Tonight I went with Michael to the Hollywood Bowl, where in association with the Academy of Television Arts & Sciences, the Hollywood Bowl Orchestra performed “Television Night at the Hollywood Bowl II”. The evening was a festive celebration of music from the small screen, and did a rather nice job at avoiding any major repeats from the last time they had a Television Night at the Bowl, three years ago.
Conducted by John Mauceri, the evening began as all Bowl concerts do, with the “Star Spangled Banner”. From there, a Detective-Show Medley was performed, starting with “Dragnet”, and moving on through such classics as “Peter Gunn”, “Hawaii Five-O”. “Mission: Impossible” and others. I found the performance to be a bit slow to start, but it picked up as the piece progressed. A nice montage of slapstick clips were shown set to “Curb Your Enthusiasm”‘s bouncy Italian theme by Luciano Michelini. We were then introduced to our host for the evening, actor Joe Mantegna. He brought us up to speed with a look at Westerns, and many classic themes were played, including “Bonanza”, “Wagon Train”, “Maverick”, “The Big Valley” and others. This was followed up with the theme from “Deadwood”, which is a Western of the modern breed.
In honor of his 85th birthday, the orchestra played a lengthy medley of the music of Earl Hagen. He had written so many classic television themes that it’s hard to name them all – but some of the ones that stood out were “Make Room For Daddy”, “That Girl”, “The Mod Squad”, and “I Spy”. A tribute to “Captain Kangaroo” and “Mr. Rogers” was (in the words of my guest) “the whitest thing I’ve ever seen”. Children in solid colored shirts sat on stage and listened to – and joined in singing – songs from the shows (“It’s You I Like”, “You Can Never Go Down The Drain”). It was terribly cheesy, and at the end, actor David Newell who played the original Mr. McFeely mailman showed up.
After a nice orchestral rendition of “The Simpsons”, we were treated to a special event as the Dick and Tommy Smothers came out on stage to do a bit. They sang a variation on “Those Were the Days” by Gene Raskin, with new lyrics to fit their experience working at CBS back in the day. It was funny and clever, and was a nice followup to a hysterical bit of sibling banter. Bruce Broughton came on stage to conduct an extended theme from “JAG”, and then we had a nice tribute to Broadway with Scott Bakula, Peter Gallagher, and Sheryl Lee Ralph performing – all of whom are not only respected television actors, but Tony nominated (and winning) actors as well. Gallagher sung “Luck Be a Lady” from his Tony-winning role from Guys and Dolls, and the audience was laughing a lot during the quite funny performance of “Like a Young Man”. We were then surprised by none other than Broadway legend Carol Channing, singing “Hello, Dolly” with the rest of the group. The audience really seemed to enjoy that treat.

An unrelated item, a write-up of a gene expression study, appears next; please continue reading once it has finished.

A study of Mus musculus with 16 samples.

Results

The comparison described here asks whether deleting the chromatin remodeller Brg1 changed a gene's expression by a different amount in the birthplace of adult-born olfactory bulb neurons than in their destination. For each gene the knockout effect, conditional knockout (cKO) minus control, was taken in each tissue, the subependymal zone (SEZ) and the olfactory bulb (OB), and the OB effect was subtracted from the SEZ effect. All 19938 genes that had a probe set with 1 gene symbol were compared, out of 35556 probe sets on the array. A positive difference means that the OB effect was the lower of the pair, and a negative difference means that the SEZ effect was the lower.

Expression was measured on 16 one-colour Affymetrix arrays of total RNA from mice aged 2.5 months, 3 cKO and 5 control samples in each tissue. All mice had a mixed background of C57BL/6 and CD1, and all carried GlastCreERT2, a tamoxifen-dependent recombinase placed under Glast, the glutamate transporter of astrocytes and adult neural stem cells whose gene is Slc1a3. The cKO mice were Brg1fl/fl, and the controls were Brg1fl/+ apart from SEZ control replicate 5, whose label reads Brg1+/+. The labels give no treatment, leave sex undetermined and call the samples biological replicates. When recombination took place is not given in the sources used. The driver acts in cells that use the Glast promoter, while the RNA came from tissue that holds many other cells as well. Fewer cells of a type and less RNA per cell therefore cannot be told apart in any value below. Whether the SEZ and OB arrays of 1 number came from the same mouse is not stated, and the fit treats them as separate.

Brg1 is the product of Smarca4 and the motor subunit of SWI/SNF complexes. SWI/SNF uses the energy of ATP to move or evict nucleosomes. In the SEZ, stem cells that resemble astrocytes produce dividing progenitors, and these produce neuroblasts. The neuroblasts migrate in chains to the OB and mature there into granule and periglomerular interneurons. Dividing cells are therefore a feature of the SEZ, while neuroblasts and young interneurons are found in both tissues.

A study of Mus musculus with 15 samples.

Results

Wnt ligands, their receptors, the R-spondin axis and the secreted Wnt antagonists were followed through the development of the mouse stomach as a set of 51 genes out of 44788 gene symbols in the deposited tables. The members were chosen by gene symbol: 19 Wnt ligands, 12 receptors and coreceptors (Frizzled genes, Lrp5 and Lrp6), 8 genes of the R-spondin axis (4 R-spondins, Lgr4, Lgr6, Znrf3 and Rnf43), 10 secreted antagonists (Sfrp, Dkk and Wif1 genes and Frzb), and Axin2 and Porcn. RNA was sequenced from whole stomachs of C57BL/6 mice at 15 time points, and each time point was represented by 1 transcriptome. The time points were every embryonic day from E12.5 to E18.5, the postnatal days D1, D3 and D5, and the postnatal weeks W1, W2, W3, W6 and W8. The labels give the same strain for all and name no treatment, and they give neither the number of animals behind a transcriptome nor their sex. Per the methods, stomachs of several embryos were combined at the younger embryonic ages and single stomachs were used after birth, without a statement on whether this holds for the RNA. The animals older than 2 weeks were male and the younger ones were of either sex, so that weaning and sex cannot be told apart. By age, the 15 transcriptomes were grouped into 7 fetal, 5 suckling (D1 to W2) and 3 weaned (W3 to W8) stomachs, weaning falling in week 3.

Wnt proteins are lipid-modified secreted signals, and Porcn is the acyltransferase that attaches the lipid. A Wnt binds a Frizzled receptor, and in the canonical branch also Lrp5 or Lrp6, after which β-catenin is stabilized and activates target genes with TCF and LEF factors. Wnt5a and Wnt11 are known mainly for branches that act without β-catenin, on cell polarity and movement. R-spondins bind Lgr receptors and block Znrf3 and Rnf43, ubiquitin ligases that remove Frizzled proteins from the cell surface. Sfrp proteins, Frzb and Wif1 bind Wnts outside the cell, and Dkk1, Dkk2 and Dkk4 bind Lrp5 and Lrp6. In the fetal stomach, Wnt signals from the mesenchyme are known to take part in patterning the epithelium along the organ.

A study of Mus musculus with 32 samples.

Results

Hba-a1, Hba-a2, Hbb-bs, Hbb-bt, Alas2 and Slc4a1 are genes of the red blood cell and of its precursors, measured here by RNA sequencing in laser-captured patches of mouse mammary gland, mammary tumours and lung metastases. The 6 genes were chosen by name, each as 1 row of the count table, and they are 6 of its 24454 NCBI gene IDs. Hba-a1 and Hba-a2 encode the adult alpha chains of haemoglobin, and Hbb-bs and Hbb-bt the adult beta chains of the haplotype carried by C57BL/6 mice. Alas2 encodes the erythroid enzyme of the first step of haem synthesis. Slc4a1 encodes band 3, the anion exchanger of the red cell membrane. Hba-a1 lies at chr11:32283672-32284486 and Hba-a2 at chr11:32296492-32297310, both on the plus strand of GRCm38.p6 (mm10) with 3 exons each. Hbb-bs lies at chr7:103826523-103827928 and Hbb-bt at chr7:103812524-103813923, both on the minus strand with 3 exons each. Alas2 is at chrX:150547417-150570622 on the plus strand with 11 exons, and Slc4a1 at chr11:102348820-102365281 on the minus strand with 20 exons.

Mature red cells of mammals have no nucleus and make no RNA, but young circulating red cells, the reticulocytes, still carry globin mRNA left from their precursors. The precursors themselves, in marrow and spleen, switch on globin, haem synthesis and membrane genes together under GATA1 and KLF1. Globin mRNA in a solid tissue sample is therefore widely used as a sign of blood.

During the intermission, I had a chance to briefly chat with composer Stu Phillips (“Battlestar Galactica”) and X-Men 2 executive producer Tom DeSanto, who were seated nearby. Phillips said that a newly arranged suite would be concluding the concert, so that was certainly something to look forward to. After the break, Steve Allen’s “This Could Be The Start of Something” was performed in a very unique manner – a grand piano had been outfitted digitally as a player piano, and it Allen’s performance had been digitally recreated – and it played along with the orchestra. It was touching and tender. Unfortunately, as I found out during the intermission, composer W.G. “Snuffy” Walden told me that they were running a bit late – and had given the axe to his 7-minute “West Wing” suite. In retrospect, I would have cut the Allen piece instead – I was quite looking forward to the Walden suite!
We were privvy to a very special moment that night, when John Mauceri called Jerry Goldsmith on the phone (he couldn’t attend, although his wife and children were in the audience), and allowed him to listen to the “Goldsmith Television Suite”. It’s a great suite that features “The Man From U.N.C.L.E.”, “Dr. Kildare”, “Room 222”, “Star Trek: Voyager”, “The Waltons” and “Barnaby Jones”, all in great sequencing. Afterwards, a Salute to Television Choreographers culminated in most of them showing up on stage to perform “One” from A Chorus Line. It was quite entertaining, but not as much as what followed: the highly anticipated “Theme Song Sing-Along”!
On stage to lead us were composer/songwriter Vic Mizzy (“Green Acres” / “The Addams Family”), Sally Struthers (“All in the Family”), Ja’net Dubois (“The Jeffersons”), Shelly Long (“Cheers”), Morgan Fairchild and The Rembrandts (“Friends”), and of course, Barry Williams (“The Brady Bunch”). It was creepy, kookie, and all-together-ookie… but a lot of fun. For the big finale was, as expected, the new suite from “Battlestar Galactica” – with fireworks! It was a great way to end the concert which celebrated different aspects of television music. As an encore, Mauceri and the Bowl Orchestra played “I Love Lucy”, and then called it a night.
The Hollywood Bowl has been recently renovated – gone are the signature spheres that were added a few decades ago, and now there’s a big donut ring above the orchestra. Does it help the sound? I couldn’t really tell – I had great seats, and it still sounded kinda small to me. But still, a concert at the Bowl is an experience everyone should have, so come on out and get your tickets for the John Williams and Lord of the Rings concerts, coming later this summer!
This blog entry will be adapted into my Hollywood Bowl article on SoundtrackNet, which is why it’s so wordy!